Bybit, one of the world’s largest digital asset derivatives exchanges, has announced layoffs, joining other titans like Coinbase (NASDAQ: COIN) and Kraken as the ongoing bear market continues to claim its victims.
Ben Zhou, the founder and CEO of Bybit, announced the layoffs on Twitter, blaming the ‘difficult decision’ on “the deepening bear market.”
1) Difficult decision made today, but tough times demand tough decisions. I have just announced plans to reduce our workforce as part of an ongoing re-organisation of the business as we move to refocus our efforts for the deepening bear market.
— Ben Zhou (@benbybit) December 4, 2022
The downsizing will cut across the board, the CEO added.
Bybit joins some of the largest exchanges in the market, which have been hard hit by the downturn in trading volume as the bear market rages on. The most recent casualty is Kraken which announced last week that it was laying off 30% of its workforce, or 1,100 people, “in order to adapt to current market conditions.” In a blog post announcing the layoffs, CEO Jesse Powell blamed macroeconomic and geopolitical factors for slowing growth and reduced trading volumes.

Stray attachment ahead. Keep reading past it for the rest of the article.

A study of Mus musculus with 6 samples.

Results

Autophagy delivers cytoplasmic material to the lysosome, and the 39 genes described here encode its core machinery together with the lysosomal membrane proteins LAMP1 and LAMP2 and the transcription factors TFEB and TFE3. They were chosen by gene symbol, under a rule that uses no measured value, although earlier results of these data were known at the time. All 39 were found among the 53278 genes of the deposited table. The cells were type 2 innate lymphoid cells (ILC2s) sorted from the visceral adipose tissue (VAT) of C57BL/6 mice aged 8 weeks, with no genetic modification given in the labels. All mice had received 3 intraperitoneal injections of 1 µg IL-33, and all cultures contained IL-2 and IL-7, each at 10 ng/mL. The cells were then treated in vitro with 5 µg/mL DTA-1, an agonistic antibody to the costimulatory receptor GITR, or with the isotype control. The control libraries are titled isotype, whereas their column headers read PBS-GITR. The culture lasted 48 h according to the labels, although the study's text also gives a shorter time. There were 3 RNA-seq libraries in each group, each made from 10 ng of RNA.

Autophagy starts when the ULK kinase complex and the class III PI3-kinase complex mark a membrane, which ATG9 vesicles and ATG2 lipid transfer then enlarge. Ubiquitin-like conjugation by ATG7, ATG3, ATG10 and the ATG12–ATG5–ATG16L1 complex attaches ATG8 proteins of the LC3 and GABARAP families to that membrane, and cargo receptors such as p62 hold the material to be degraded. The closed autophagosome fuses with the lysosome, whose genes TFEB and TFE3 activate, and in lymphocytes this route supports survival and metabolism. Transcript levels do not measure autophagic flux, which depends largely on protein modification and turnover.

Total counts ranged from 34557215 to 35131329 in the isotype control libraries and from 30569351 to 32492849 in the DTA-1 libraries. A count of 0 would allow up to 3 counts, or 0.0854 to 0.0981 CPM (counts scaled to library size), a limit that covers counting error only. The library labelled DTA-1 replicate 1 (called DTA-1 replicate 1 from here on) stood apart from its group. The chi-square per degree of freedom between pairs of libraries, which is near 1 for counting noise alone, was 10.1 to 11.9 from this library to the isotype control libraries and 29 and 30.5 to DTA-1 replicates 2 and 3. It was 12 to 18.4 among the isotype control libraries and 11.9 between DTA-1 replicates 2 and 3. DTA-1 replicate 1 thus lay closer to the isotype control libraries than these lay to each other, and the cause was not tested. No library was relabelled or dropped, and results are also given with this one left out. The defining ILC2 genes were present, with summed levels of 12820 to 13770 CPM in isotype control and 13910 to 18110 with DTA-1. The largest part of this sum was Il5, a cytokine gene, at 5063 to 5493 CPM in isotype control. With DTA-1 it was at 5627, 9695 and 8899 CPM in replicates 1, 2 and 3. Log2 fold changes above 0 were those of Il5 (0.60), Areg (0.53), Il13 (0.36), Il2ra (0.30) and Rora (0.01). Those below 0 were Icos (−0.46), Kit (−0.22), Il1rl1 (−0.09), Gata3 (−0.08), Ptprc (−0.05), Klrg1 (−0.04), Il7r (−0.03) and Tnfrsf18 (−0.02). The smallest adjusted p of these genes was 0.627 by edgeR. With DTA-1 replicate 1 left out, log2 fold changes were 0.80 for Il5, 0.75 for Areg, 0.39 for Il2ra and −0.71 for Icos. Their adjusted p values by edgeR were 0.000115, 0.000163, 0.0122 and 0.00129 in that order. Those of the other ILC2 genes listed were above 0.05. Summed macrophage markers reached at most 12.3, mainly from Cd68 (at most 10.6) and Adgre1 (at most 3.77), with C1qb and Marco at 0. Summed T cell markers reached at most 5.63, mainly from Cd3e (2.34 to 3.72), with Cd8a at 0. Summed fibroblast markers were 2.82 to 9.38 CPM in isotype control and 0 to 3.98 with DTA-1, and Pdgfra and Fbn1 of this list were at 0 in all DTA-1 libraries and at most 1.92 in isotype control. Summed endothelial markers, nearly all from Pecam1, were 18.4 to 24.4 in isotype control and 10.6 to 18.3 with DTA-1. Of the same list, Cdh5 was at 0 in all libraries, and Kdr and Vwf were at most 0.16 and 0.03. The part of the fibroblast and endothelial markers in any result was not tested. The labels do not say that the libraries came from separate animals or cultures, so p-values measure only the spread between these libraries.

“We are all saddened by the fact this reorganisation will impact many of our dear Bybuddies and some of our oldest friends. I am very grateful for all of their contributions to Bybit over the years and we will not forget them,” Bybit CEO added.
Bybit, which launched in 2018 and processes over $5 billion in daily trade volume, pledged to work with the laid-off workers to ensure their smooth transition.
“… it’s important to ensure Bybit has the right structure and resources in place to navigate the market slowdown and is nimble enough to seize the many opportunities ahead. That way we can continue to deliver the crypto ark to the world with even more drive and passion,” the CEO said.
This is the second round of layoffs at Bybit, with the derivatives exchange having laid off an unknown number of employees in June.
The Singaporean exchange joins Coinbase, which laid off 60 employees in its recruiting and institutional onboarding departments a month ago; NBA Top Shot maker Dapper Labs which shed 22% of its workforce; BitMEX, which cut off 20% of its employees; and Web3 gaming studio Mythical Games which laid off 10% of its workers—all in November.